Tough Emissions Standards, Tax Break for Fuel Efficiency Needed Laws

Michael J. Ring

In between his Florida vacation in the middle of a budget crisis and the revolving door of scandal and hackarama in Beacon Hill’s Corner Office, Gover-nor Paul Cellucci has managed to do one thing right this month.

New Massachusetts state environmental regulations will soon require that all new sport utility vehicles, light trucks, and minivans sold in this state meet tough emissions requirements. Massachusetts will adopt the California standard for these vehicles, the toughest limits in the nation, beginning in 2004.

The new regulations are easily justifiable. SUVs, minivans, and pickups were not initially included under many anti-smog regulations because they were seen as commercial vehicles with limited appeal. But vehicles such as SUVs and minivans are no longer rarities on the highway. There are 68 million of these vehicles on America’s roads, and the sport utility vehicle and its cousins account for about half of all new car sales in the United States. The effectiveness of tough emissions regulations on passenger cars are undercut when one of two new vehicles produced can drive right through the SUV loophole.

There are those in our society who feel it is their birthright to idle in traffic in four-wheel-drive luxury, clean air be damned. Surely they are going to whine and pout at the new regulations. But the new emissions standards will add only a few hundred dollars to the cost of a sport utility vehicle -- a drop in the bucket when SUVs already bear a $30,000 sticker. These new environmental regulations are most certainly cost effective. And given the abysmal air quality experienced in a number of cities, including this one, throughout the summer heat wave, any regulation that will cut airborne pollutants is welcome indeed.

Over the last generation our nation has made great strides in reducing tailpipe emissions from automobiles. Tailpipe ozone emissions, for example, are down over 90 percent in the past several decades, and the levels of other pollutants have shown similar declines. Governor Cellucci’s order will insure this progress is not destroyed by allowing exceptions to a broad range of passenger vehicles, and all other states should adopt the California emissions standard as well.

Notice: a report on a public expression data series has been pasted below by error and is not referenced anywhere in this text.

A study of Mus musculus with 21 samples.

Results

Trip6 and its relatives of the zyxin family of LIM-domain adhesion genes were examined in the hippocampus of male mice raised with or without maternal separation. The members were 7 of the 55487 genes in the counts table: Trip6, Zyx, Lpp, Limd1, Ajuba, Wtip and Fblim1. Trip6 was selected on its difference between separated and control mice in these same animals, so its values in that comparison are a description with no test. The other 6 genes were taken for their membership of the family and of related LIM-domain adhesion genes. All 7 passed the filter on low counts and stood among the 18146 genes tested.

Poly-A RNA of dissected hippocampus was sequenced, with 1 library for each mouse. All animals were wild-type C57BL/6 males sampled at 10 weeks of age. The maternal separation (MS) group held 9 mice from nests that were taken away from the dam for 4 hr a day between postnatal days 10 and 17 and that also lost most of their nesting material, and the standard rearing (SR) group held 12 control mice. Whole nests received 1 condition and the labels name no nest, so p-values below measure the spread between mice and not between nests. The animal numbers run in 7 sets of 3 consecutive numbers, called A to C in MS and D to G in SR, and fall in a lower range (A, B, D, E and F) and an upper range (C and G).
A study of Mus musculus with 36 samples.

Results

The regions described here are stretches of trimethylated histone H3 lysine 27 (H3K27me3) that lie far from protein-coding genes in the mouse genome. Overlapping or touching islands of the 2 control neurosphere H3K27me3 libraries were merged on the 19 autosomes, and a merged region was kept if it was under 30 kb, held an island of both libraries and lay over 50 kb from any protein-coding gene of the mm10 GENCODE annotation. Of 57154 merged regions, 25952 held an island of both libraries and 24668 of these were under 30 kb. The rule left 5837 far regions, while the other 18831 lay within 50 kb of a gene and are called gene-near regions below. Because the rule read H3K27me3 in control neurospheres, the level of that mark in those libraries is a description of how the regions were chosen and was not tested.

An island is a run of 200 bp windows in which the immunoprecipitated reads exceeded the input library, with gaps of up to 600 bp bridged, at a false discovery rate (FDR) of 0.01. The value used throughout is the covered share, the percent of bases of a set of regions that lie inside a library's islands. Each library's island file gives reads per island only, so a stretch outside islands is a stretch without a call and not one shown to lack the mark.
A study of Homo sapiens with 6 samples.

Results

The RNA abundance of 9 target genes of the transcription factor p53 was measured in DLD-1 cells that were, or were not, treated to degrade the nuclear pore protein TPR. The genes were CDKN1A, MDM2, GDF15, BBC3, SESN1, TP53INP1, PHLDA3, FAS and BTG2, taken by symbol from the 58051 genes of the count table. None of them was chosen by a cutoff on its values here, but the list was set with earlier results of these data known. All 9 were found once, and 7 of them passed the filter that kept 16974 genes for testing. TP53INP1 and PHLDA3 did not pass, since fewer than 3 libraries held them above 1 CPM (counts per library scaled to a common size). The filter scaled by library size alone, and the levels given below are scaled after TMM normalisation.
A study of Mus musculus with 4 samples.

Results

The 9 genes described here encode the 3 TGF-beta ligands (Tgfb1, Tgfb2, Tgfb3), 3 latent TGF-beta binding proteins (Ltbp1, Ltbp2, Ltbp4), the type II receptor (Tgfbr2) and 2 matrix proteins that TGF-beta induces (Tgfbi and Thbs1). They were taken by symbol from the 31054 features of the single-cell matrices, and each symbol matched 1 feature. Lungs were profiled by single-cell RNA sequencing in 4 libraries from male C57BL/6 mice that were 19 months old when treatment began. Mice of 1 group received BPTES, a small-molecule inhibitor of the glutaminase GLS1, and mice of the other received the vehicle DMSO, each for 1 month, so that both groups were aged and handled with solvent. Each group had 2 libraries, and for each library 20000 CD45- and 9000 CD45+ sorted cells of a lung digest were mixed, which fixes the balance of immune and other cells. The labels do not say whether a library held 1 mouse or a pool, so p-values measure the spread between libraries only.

But even with these new regulations, sport utility vehicles will not be the environment’s best friend. Although they will be cleaner, they will still belch their share of pollution into the atmosphere. Every gallon of gasoline burned produces about 26 pounds of carbon dioxide. And given that your typical SUV may average 10 or 12 miles to the gallon, the trendy vehicles are models of inefficiency and engines of pollution.

A bill offered in the Massachusetts Senate by Senator David Magnani, D-Framingham, offers an innovative and intriguing solution to promote the use of environmentally-friendly automobiles. His proposal uses the state’s sales tax to encourage the purchase of more fuel-efficient vehicles.

Currently, all new vehicles bought in Massachusetts are taxed at the rate of five percent. Magnani’s bill would replace this flat percentage with a sliding scale based upon the fuel efficiency of the vehicle purchased. A consumer buying a fuel-efficient vehicle could pay as little as zero sales tax under his proposal. Those choosing the dirtiest gas guzzlers, however, would be slapped with a 10 percent surcharge -- double the current tax rate in the state.

Magnani’s bill is a creative way to promote environmental responsibility in the purchase of a new automobile. His proposal, for example, would cut the price of a fuel-efficient, $15,000 car by up to $750. Those are big savings which will encourage consumers to choose cleaner and efficient (and, under the proposal, more affordable) automobiles over gas-guzzling abominations. These savings will also encourage experimentation with non-polluting vehicles such as solar-powered automobiles, which need further research and design before they are cost-competitive with their gasoline-powered cousins. As Magnani says, his bill reflects the important value that “personal responsibility, especially when it affects other people, is something that public policy should support.”

Unfortunately, the chances of his bill’s passage are slim to none. Those hacks circling in and out through the revolving door view a gargantuan, ostentatious sport utility vehicle as a status symbol.

Promoting the use of fuel-efficient automobiles is only one of several strategies needed to reduce air pollution. Dirty factories and power plants, particularly in Midwestern and Southern states with lax air quality regulations, are also prime culprits and must be forced to clean their ways. However, the vehicles crowding our nation’s highways also share a major portion of the fault for our air pollution woes. It’s time to encourage cleanliness and efficiency as important values in automobile production and purchases. Governor Cellucci’s new regulation and Senator Magnani’s bill are two excellent means of accomplishing this goal.